Cramer used to think about his rules of investing all of the time when he was managing money, but eventually they became second nature to him. He often finds that he digs into his rule archive to answer the many questions people ask him on a daily basis.
A typical question that an investor will ask is what to do with a stock after it has had a hideous decline. The first response that Cramer will give is to ask why they bought the stock in the first place. The purpose of asking that question is to determine if they bought it as an investment or a trade.
If they bought it for investment purposes, that could mean they should buy more. If they bought it for trading purposes, then that means they were waiting for a specific event to occur and should only buy it once. These two concepts should not be intermingled.
"Why does this matter? Because one of my cardinal rules is to never turn a trade into an investment. If there is one concept you must take away from this show, it's that you must never ever trade a trade into an investment," Cramer said.
So don't fool yourself. If you know you purchased something for the purpose of trading, cut your losses quickly when it starts to go awry. Sure, there might be a time here and there where you could turn it into a long-term trade. But most of the time, you'll be on the wrong side of the trade.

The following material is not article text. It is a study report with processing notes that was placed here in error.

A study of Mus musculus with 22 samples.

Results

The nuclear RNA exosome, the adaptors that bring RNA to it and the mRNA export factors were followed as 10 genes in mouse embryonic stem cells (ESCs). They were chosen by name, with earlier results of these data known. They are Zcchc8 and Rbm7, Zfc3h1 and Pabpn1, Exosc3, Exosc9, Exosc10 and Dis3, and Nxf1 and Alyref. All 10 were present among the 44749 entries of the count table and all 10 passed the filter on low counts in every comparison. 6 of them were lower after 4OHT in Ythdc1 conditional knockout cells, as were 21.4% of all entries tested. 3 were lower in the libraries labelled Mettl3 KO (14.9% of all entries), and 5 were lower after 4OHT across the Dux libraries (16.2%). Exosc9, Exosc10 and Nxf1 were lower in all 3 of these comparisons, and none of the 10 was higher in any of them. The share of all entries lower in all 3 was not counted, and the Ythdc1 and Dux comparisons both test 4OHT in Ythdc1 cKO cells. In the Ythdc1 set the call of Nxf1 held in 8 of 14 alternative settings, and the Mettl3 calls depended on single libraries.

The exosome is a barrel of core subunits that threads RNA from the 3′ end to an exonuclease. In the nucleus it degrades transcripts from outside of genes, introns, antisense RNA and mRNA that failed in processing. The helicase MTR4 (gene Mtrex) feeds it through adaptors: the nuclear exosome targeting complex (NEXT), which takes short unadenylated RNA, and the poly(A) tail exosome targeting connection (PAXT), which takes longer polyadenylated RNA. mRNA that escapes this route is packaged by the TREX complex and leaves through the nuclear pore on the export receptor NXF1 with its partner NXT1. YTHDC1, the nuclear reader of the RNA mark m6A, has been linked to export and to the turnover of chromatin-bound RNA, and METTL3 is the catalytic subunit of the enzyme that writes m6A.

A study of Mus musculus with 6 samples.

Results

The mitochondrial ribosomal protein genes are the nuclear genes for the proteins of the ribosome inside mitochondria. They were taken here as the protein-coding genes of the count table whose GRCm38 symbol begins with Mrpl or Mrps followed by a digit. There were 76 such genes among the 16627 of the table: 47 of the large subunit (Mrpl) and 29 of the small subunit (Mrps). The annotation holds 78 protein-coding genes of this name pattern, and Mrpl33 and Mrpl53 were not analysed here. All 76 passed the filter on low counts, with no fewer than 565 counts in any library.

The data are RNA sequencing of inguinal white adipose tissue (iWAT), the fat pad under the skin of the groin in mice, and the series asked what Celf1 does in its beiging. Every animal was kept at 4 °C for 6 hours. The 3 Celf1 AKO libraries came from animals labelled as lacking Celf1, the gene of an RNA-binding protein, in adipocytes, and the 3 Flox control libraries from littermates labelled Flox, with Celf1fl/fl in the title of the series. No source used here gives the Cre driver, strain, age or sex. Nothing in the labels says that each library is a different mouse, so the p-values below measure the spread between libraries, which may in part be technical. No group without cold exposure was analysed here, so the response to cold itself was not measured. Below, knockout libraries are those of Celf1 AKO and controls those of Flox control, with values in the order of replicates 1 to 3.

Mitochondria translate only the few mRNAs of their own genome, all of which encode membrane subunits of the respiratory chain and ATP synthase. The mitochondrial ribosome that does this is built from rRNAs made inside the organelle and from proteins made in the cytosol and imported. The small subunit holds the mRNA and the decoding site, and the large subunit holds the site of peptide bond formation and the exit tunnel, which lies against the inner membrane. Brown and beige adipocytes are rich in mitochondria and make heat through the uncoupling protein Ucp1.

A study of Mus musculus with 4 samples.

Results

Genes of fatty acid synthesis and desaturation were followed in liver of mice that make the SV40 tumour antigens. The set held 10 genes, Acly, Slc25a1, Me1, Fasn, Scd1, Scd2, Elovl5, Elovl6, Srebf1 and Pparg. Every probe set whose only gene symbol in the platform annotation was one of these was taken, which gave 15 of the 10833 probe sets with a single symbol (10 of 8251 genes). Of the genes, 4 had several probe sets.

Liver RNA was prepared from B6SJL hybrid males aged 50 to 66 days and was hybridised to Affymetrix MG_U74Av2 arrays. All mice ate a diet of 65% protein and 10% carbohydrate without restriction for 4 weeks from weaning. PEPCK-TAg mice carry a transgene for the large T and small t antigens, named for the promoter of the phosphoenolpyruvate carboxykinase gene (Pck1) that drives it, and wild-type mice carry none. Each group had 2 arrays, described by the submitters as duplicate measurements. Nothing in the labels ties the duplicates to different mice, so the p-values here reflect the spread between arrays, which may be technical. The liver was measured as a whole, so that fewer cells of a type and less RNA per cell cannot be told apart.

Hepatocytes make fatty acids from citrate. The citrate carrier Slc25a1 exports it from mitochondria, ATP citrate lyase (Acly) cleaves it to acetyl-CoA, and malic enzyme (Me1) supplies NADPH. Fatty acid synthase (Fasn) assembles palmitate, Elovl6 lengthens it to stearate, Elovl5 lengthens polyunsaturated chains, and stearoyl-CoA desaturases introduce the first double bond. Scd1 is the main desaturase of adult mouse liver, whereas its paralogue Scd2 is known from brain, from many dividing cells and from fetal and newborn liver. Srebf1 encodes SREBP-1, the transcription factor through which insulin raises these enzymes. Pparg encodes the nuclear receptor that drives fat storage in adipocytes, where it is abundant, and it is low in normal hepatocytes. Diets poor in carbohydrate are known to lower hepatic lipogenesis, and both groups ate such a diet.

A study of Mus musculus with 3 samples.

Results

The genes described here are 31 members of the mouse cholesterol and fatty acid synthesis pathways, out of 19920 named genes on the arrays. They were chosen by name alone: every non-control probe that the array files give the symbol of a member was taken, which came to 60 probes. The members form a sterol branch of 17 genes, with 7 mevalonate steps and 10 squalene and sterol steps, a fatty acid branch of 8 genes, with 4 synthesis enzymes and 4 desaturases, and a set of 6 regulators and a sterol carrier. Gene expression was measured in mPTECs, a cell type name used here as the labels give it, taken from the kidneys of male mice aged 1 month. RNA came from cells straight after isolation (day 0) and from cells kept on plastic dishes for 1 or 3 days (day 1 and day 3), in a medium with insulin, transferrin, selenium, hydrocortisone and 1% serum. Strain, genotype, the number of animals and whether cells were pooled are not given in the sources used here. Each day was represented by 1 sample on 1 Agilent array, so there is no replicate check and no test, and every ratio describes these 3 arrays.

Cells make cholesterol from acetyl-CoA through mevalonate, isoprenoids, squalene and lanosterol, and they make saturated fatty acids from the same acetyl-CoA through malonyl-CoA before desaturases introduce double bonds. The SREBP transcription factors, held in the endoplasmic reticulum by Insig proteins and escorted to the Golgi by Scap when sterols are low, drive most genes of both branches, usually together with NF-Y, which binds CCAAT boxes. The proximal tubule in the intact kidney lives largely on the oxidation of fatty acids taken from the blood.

However, much to his surprise, Cramer finds that a lot of people aren't prepared when a correction occurs in the market. They are charmed into the market when things are good and then unprepared when things get bad. They assume that a correction means that something is wrong and that stocks shouldn't be touched.
"That is a very big mistake. Corrections happen all of the time after big runs, and they are to be anticipated, but you can't write off the market when they happen," the "Mad Money" host added.
Another mistake that Cramer sees commonly is that many believe they are supposed to be fully invested at all times. He has even met money managers who think they are supposed to have all money invested.
This is complete nonsense!
Having cash on hand when the market corrects is the key to protecting your portfolio. Because sometimes the market will stink and there is nothing to do but just sit in cash.
"In fact one of the chief reasons that I outperformed pretty much every manager in the business during my 14-year run as a professional money manager is that there were substantial blocks of time when I was largely in cash," Cramer said.
Cash is the perfect hedge in an environment when the market hits dangerous highs and could protect from devastating losses.
Cramer considers cash to be the most underrated investment of all. Whenever he sees the market spike, he starts to sell a little and trim here and there to build up a supply of cash. He sells on strength and buys on weakness.
Otherwise, Cramer fears that investors could wind up selling their best stocks just to hang on to their worst stocks because the higher-quality stocks stopped going up—a big mistake.